The Philadelphia Flyers lost the Stanley Cup finals on a soft goal allowed by a journeyman goaltender, and as of now the team has failed to upgrade the position.
That's the only thing many Flyers fans will focus on, but it's not that simple.
The Flyers, according to several reports, tried to get a more proven goalie than Leighton, the midseason waiver-wire pickup who signed a two-year extension earlier this week. They apparently negotiated with Evgeni Nabokov, Marty Turco and Dan Ellis, but nothing came to fruition.
So they did the next best thing. While Nabokov likely would have stopped Patrick Kane's shot in overtime of Game 6 of the Cup finals, the Flyers might not have been on the brink of elimination at that point if they had played better defense against the Chicago Blackhawks throughout the series.
Defensemen Chris Pronger, Matt Carle, Kimmo Timonen and Braydon Coburn were superb. But they were overused throughout the playoffs and appeared less effective in the last game or two against Chicago. And during the rare times when Lukas Krajicek, Oskars Bartulis or Ryan Parent were on the ice, the puck seldom made it out of the Flyers' zone.
In other words, in a series in which the Flyers lost three one-goal games, having legitimate NHL players make up the third defensive pairing might have helped them just as much as having Nabokov in goal.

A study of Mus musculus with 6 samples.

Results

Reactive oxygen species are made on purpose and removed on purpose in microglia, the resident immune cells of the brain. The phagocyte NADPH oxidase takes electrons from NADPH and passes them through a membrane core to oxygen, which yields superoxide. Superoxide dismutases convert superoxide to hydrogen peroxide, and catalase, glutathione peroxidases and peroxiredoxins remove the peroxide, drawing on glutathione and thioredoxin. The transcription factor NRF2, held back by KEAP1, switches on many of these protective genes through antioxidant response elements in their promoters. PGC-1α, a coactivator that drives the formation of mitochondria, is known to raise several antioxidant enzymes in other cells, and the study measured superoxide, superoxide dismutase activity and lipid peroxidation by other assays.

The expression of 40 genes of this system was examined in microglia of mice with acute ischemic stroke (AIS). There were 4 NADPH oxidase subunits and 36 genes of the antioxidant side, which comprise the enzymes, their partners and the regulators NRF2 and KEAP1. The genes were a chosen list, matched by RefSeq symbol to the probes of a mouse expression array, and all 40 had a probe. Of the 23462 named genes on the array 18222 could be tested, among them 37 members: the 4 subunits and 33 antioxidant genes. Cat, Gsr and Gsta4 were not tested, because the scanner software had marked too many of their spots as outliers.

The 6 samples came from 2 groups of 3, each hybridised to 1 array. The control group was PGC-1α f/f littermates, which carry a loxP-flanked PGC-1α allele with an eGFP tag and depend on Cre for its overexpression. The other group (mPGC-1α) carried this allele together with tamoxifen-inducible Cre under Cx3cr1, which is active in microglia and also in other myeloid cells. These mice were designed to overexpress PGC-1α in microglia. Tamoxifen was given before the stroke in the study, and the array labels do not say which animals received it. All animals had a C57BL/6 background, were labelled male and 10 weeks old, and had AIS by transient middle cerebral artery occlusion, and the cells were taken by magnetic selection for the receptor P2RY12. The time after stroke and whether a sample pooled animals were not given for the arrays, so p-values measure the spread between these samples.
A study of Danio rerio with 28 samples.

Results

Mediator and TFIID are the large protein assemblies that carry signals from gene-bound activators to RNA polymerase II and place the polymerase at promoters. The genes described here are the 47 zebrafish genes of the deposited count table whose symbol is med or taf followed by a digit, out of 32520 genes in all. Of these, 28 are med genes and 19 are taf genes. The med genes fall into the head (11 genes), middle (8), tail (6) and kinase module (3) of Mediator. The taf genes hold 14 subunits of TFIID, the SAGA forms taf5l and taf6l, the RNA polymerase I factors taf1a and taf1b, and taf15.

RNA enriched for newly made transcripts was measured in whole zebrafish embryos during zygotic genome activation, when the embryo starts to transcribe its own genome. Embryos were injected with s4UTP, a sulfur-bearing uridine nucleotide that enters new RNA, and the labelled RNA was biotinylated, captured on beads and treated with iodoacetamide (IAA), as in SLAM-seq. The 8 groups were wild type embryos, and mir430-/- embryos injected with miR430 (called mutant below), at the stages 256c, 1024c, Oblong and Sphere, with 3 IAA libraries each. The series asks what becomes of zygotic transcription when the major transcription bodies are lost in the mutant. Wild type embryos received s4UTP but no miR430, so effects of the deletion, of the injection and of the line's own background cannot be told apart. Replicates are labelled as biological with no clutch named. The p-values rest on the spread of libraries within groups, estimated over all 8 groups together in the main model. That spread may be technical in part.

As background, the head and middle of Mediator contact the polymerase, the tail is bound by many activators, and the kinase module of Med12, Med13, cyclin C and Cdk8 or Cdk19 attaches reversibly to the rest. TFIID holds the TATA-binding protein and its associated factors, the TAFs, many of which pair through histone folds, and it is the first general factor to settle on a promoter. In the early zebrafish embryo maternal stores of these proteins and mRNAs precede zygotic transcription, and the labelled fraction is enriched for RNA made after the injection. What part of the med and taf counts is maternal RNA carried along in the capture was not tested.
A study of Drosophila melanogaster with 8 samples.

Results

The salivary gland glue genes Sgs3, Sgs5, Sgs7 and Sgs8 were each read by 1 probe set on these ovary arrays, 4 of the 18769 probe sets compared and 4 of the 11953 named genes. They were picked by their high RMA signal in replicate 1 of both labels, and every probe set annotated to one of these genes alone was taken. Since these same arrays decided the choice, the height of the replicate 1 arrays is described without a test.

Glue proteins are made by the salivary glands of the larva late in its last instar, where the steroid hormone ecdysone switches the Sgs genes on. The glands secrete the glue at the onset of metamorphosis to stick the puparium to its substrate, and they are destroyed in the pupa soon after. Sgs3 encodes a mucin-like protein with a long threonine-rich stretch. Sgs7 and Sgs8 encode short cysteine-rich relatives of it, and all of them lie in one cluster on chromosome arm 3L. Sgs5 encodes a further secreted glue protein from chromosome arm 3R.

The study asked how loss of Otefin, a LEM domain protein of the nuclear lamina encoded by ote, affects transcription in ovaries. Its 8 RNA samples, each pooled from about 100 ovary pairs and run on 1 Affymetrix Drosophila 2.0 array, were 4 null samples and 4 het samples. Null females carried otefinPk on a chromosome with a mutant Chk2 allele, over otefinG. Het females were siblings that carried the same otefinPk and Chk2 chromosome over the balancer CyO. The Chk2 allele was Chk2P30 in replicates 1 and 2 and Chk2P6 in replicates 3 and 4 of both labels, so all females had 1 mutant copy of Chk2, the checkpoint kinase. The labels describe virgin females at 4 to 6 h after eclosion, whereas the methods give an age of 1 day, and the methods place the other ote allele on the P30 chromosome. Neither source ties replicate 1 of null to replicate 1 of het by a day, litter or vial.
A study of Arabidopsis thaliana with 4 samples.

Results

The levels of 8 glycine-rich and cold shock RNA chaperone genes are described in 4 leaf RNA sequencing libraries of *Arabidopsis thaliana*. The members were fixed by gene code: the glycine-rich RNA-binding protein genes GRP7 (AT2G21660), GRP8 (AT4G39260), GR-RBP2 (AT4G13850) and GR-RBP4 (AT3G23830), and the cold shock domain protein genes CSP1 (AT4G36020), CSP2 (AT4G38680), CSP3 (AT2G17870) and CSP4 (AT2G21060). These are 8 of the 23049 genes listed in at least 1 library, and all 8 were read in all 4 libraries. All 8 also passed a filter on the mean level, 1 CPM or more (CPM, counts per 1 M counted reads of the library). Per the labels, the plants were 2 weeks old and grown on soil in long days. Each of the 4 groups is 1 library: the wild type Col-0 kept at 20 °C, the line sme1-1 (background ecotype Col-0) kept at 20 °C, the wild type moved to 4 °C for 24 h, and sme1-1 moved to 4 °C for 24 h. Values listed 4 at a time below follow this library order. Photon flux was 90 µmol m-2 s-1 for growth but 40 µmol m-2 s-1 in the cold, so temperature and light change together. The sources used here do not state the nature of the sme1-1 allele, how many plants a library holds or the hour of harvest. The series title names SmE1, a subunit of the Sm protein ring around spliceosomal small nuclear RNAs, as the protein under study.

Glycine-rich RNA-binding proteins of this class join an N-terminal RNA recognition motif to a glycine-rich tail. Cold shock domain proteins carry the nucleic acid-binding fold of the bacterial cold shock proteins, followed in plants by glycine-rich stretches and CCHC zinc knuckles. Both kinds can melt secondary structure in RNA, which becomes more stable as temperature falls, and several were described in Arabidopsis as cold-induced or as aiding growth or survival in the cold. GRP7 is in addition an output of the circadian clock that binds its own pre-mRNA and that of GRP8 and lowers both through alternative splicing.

So when the big-time goalies turned down the Flyers' offers, they decided to get better somewhere else rather than overpaying a goalie who could be the next Cristobal Huet - a free-agent bust eating up salary-cap space in Chicago while languishing on the bench.
The bottom line is the Flyers should be a significantly better team going into next season. They basically kept the same group that was two wins away from hoisting the Stanley Cup, but with Meszaros and steady veteran Sean O'Donnell (who signed Thursday) as the Nos. 5 and 6 defensemen.
The other huge difference will be Jeff Carter - for better or for worse.
There was a school of thought, endorsed by yours truly, that Carter was not really a part of the inspirational playoff run, when the team came together and established its never-say-die identity. And that even at his best, he wasn't enough of a game-changer to justify giving him the kind of money he likely will demand as a free agent a year for now. And that moving Danny Briere back to wing to accomodate Carter at center would be a huge mistake.
Trading Carter for a package built around a top young goalie such as the Los Angeles Kings' Jonathan Bernier or the Vancouver Canucks' Cory Schneider seemed to be the perfect way to fill their biggest hole and get maximum value for a guy who is only a year away from free agency.
But the Flyers didn't subscribe to that school of thought. They apparently labeled Carter untouchable and think it's no big deal moving Briere back to wing, where he disappeared for two seasons before setting the franchise playoff scoring record back at center.
If they are right, then a healthy Carter could make this team much better. He is, after all, a 40-goal scorer being added to a team that reached the Stanley Cup finals. If coach Peter Laviolette can get four centers - Carter, Briere, Mike Richards and Claude Giroux - to play up to their potential despite one inevitably having to play wing, that's a dynamic offense.
And, hey, it's not like trades aren't allowed during the regular season. If Leighton falters, or the offense needs a shake-up, they can always trade Carter, Briere or Gagne for a goalie before the trade deadline.
Right now, though, Leighton is the goalie. And that's not such a bad thing. Forget that he gave up Kane's soft goal. Remember that he was good enough to get the Flyers within two wins of the Cup. Remember that Andrej Meszaros and Sean O'Donnell might have made enough difference to get those two wins.